Patient Blogs | Diabetes
How I Got My Diabetes Under Control

I’ve taken insulin when I had gestational diabetes, Byetta when I couldn’t control my sugars. I’ve counted carbs, attended Weight Watchers, and toyed with South Beach, Sugar Busters and Atkins. I’ve visited a therapist/nutritionist for occasional binge eating issues.

And yet, given all this, and despite many missteps, today, at age 60, my morning blood glucose reading was 98 and my last A1C was 5.7.

How did I get here?

I wish I could say it was a miracle, with no work required. And I wish I could say that my way will work for everyone. But it wasn’t, and it won’t. All I can do is share what has worked for me and hope that it inspires you to find what works for you.

Here’s what I do:

1.  Cut as many carbohydrates as possible. I’m not only talking ice cream and cake; I’m talking everything. Rice, pasta, bread, high sugar fruits, carrots, and potatoes – the whole enchilada (enchiladas are off the list, as well). And I’ve exiled whole grains and brown rice as well. My endocrinologist has approved my diet, although he cautions that it’s definitely not for everyone.

 2. Rely on lean proteins and vegetables. Egg whites, chicken, fish, tofu, cheese, nuts and the occasional meat, paired with low-carb vegetables (bok choy, broccoli, zucchini, etc.), make up most of my diet. And I top it off with a glass of wine a day plus a little dark chocolate. I’ve melted off ten pounds with this regimen. Am I model skinny? No. Are my sugars in check? Yes, yes, and yes.

 3. Exercise faithfully. When I was younger, I was a runner, clocking up to six miles daily. My knees are no longer up for that task, but I haven’t stopped moving. Five days a week I bike an hour on my recumbent bike; two days a week I attend a body toning class that rotates between weight lifting, step, stretch bands, exercise balls and gliders. The class staves off boredom (is there anything more boring than riding a recumbent bicycle?) and helps raise my resting metabolism so that I can eat more.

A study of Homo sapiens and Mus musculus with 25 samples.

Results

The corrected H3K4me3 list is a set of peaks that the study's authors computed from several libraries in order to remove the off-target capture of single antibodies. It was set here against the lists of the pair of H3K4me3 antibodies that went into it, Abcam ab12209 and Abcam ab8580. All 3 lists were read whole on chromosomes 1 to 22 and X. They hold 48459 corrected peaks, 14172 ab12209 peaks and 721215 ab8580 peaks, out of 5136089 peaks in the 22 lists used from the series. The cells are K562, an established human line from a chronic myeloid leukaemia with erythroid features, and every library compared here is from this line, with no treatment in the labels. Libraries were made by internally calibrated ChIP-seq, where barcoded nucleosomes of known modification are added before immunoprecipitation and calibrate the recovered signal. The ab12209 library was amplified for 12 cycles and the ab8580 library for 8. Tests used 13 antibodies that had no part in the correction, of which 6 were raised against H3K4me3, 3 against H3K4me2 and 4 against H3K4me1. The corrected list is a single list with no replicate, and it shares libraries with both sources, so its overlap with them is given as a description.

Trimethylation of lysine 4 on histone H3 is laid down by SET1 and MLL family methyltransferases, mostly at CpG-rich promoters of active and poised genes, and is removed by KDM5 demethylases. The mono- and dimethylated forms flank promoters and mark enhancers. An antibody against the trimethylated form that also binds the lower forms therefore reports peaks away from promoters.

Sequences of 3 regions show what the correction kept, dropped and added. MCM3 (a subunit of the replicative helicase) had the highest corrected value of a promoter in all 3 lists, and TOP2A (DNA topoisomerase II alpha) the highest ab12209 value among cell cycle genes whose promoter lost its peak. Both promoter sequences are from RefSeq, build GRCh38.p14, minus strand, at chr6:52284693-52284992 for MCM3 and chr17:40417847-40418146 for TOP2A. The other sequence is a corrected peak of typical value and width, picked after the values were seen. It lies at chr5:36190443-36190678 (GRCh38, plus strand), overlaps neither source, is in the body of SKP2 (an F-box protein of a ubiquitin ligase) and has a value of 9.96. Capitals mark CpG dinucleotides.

4. Keep in close touch with my endocrinologist. In addition to diet and exercise, I take Glucophage and a half of a tablet of Amaryl. At one time, though, I used injectables.  They worked well, but I became concerned about some of the long-term health risks. So I phoned my endo and talked it out with him and made the decision to give them up. I felt comfortable consulting him because we have a good relationship as partners in my healthcare. Every six months when I visit his office he takes time to talk with me – not only about my latest numbers, but also about my stress levels, my diet and any other concerns.

 5. Watch stress. Getting sick with a cold or overwhelmed with work or family troubles can send my sugars spiraling – even if my diet has not changed. I failed meditation, which never felt right to me, but I do try to take it easier on myself. If I fall off the wagon and give into the occasional ice cream cone, for example, I am careful not to beat myself up. By backing off myself – taking a deep breath and simply enjoying the break – I’ve been able to keep my sugars in check.

As I said, my regimen is not a universal solution for everyone. My main message is that learning to manage type 2 well is always a work in progress. Sometimes through trial and error, and then more trial and error, you can stumble on a plan that works for you.


Ilene Raymond Rush

Award-winning health and science writer

Ilene Raymond Rush is an award-winning health and science freelance writer. Based on her own experiences with type 2 diabetes, she brings a personal take and a reporter’s eye to examine the best and newest methods of treating and controlling the disease.